Road Practice a Chance to Learn from Game One

MINNEAPOLIS -- It was a late arrival in Minnesota for the Thunder after its opening night road victory against the Utah Jazz, but the team immediately hopped on the practice floor on Thursday afternoon to learn from its first game.

Facing two divisional opponents in the span of 48 hours is a compelling challenge for this Thunder squad that is still adjusting to new roles and a specific style of play that is tailored by Head Coach Scott Brooks for this group.

The afternoon’s two-and-a-half hours’ worth of work started with a healthy film session and then court drills, where the team tried to translate what it learned on tape into live action. The sign of a mature team is the ability to assess strengths and weaknesses and then be self-aware enough to determine what can be altered in order to get better results on the court.

“It was a good film session,” Brooks said. “After one game, you have to look at things that you did well and things that you could have done better. We’ve always been a team that wants to improve after games, whether it’s in the film room or on the practice floor. We try to get things accomplished each day. The film session showed a lot of things that we can get better at. We went on the practice floor and improved on those areas.”

Players young and old on this Thunder roster could glean lessons from the Thunder’s 101-98 victory over Utah, specifically the differences in how the team defended in the first quarter versus the final three periods.

There is a transition process between games in the NBA, where teams look at past games to analyze its own play and then also turn its attention to the upcoming opponent, which will be the Minnesota Timberwolves on Friday night. Particularly on the road, time spent working and learning between games is extremely valuable. As a result, the Thunder has to be very process-oriented in its approach, something that even youngsters like Jeremy Lamb understand.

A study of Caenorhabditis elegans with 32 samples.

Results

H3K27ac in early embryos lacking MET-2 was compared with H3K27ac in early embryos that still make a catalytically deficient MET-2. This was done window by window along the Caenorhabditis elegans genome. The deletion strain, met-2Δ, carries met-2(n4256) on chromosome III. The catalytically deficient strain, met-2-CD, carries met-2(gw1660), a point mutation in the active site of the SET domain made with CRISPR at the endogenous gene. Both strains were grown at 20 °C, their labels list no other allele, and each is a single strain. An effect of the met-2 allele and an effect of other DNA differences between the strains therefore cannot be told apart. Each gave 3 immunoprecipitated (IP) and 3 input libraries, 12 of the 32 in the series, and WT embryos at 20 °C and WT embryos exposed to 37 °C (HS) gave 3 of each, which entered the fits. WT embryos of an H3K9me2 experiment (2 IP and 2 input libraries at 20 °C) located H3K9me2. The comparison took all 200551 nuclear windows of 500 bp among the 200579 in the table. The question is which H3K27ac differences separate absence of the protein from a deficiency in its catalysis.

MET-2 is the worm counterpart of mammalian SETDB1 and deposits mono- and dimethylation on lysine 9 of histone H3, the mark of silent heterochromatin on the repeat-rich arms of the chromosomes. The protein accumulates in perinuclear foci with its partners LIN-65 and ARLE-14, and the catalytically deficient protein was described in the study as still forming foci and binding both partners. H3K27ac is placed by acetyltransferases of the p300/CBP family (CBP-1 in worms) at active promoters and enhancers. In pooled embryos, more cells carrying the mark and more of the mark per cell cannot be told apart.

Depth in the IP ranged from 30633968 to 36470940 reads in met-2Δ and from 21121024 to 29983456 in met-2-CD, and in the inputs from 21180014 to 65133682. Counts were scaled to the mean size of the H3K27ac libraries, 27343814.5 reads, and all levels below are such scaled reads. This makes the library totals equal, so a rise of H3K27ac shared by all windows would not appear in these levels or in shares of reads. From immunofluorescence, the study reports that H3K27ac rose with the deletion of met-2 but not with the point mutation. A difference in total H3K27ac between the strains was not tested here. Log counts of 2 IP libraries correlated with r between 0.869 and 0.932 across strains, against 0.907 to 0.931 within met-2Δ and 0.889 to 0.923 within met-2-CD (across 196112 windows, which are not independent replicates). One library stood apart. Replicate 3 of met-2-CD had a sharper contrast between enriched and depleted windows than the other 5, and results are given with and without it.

“Just staying consistent, putting work in every day and trying to just get better every day,” Lamb said. “Use every day as a stepping stone and don’t take any short cuts. I think that’s the biggest part to be successful in this league.”

Process over result was also the Thunder’s line of thinking when assessing its offensive production on Wednesday night. Brooks’ team stayed aggressive all night, scoring 29 of its 101 points at the free throw line, led by Kevin Durant’s 22-for-24 shooting night. The ball seemed to rattle out for the Thunder in game one, with the team shooting just 40.7 percent, Brooks’ club knows that those type of statistics even out as the season progresses.

Brooks wants his players to stick to the game plan of moving the ball, attacking the rim and using proper spacing. Most importantly, however, the coaching staff hopes the team’s defense to create easy offense.

“There are going to be nights where you get to the free throw line and you don’t get assists or guys aren’t making shots,” Brooks explained. “But you have to give yourself a chance to win the game and that always has to come down to the defensive end.”

“Hopefully we shoot the ball much better and I believe that we will,” Brooks said.

The first ten-or-so games of every season are a feeling out process for each team in the league, because inevitably, personnel, schemes and roles change from year-to-year. The key for the Thunder is to maintain an even keel not only through this early stretch, but throughout the season in order to avoid the pitfalls that can detract from teams when they have large emotional swings from game-to-game, both positive and negative.

If Brooks’ club can bring a focused, determined mindset into each game and be prepared to compete physically for each contest, the team believes it will give itself a chance to win at the end of the fourth quarter on a nightly basis.

“It’s a long season,” Brooks said. “It’s a season that is challenging in many areas- not only the physical part but the mental part. You have to understand that you have to perform at your very best for 82 nights.”